A hearing at the HRTO is a legal proceeding. It provides an opportunity for the applicant and the respondent to present their positions, including facts and legal arguments, to the adjudicator hearing the case. The adjudicator is a neutral decision-maker with experience, knowledge and training in human rights law and issues.
You and the other party will receive a Notice of Hearing which gives the date and location of the hearing. You have 21 days after the notice of hearing is sent to provide any documents that are relevant to the application with the other party. At this stage, you don’t need to send copies of these documents to the HRTO but you do need to send the HRTO a Form 23. The form confirms that you have shared the documents with the other party. No later than 45 days before your hearing, you need to do two things:
Send the other party a list of all witnesses, a statement of each witness’ intended evidence and a list of the documents you will present at the hearing. You do not need to send the other party copies of the documents themselves if you have already provided them with a copy.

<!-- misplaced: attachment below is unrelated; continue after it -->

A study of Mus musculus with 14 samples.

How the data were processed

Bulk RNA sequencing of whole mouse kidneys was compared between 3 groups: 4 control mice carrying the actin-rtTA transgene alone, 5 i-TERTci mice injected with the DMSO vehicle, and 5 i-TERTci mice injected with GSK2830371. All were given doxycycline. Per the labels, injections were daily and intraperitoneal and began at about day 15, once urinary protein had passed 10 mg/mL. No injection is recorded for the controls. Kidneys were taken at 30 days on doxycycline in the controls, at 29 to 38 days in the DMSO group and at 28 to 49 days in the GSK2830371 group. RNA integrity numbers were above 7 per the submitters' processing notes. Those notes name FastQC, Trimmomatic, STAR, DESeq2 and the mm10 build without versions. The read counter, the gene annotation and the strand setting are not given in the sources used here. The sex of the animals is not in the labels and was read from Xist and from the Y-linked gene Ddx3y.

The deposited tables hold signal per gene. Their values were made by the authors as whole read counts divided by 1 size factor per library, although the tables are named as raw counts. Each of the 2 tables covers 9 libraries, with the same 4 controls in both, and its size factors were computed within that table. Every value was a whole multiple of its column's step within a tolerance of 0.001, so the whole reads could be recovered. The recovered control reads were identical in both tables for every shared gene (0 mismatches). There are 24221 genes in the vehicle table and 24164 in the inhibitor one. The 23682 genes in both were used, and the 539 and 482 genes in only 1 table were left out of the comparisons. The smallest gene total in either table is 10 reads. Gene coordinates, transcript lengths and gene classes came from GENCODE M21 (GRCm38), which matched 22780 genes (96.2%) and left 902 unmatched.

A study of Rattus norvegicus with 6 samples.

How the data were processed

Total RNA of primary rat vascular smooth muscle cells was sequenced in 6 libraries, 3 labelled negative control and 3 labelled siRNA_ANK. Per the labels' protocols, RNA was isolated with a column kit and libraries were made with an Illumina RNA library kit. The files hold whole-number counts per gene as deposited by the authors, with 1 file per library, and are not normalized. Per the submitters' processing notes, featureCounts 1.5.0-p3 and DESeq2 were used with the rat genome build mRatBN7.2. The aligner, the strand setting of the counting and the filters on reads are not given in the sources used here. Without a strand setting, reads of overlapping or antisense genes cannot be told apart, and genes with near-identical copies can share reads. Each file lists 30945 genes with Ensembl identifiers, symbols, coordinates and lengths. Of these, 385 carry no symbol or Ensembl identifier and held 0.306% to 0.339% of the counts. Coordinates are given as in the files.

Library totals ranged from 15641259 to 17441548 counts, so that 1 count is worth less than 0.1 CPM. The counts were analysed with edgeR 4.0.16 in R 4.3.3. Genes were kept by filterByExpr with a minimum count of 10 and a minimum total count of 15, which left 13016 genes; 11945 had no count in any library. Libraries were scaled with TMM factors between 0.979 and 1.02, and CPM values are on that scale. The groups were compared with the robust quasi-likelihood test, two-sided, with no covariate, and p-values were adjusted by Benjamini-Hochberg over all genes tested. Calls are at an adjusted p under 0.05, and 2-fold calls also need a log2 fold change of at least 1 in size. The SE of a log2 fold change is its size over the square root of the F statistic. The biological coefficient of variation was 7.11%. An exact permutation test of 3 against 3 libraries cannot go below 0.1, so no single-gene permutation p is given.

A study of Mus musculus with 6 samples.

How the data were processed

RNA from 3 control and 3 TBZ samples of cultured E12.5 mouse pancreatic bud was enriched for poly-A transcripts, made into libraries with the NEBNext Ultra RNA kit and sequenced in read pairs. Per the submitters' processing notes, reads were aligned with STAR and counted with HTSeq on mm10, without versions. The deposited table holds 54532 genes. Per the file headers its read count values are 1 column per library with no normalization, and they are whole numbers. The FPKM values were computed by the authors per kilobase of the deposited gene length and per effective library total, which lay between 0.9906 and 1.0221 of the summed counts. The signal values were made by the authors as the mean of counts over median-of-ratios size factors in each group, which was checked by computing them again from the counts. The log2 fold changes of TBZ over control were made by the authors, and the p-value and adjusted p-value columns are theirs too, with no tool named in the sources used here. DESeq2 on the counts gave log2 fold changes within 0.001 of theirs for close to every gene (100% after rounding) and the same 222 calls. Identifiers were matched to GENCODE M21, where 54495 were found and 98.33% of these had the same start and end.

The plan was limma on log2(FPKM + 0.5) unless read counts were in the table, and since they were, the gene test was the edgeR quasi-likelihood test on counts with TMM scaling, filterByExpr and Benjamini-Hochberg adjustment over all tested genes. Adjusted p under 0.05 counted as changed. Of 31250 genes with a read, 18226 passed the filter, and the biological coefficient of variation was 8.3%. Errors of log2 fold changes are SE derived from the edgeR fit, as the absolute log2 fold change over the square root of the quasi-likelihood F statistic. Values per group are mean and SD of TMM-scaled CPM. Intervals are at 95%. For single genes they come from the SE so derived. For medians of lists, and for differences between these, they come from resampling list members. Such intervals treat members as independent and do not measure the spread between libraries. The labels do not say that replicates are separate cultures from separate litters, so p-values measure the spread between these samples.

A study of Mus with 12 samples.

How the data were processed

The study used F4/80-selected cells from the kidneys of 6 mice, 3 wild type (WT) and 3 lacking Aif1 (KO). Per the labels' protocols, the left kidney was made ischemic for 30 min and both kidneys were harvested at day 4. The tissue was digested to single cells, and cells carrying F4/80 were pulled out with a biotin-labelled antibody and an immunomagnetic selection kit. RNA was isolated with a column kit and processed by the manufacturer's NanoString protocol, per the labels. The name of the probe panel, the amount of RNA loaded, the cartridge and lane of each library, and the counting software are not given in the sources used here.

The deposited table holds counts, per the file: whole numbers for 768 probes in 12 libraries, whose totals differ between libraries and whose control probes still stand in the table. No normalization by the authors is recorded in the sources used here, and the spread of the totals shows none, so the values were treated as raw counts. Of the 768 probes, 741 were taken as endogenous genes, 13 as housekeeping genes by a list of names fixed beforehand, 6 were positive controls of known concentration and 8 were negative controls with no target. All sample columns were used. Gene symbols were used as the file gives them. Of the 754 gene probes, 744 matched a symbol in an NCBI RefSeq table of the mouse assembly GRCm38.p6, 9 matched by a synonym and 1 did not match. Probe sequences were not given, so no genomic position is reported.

Send the HRTO your witness list, witness statements and copies of the documents you will use at the hearing.
Case Assessment Direction
Sometimes, an adjudicator will issue a Case Assessment Direction (CAD) to help the parties prepare for the hearing. For example, a CAD may remind parties about the documents they are required to disclose to each other, identify issues which the adjudicator wants the parties to be ready to deal with at the hearing and/or confirm the format of the hearing. An adjudicator could also require the parties to participate in a conference call to help prepare for the hearing and issue a CAD after the call.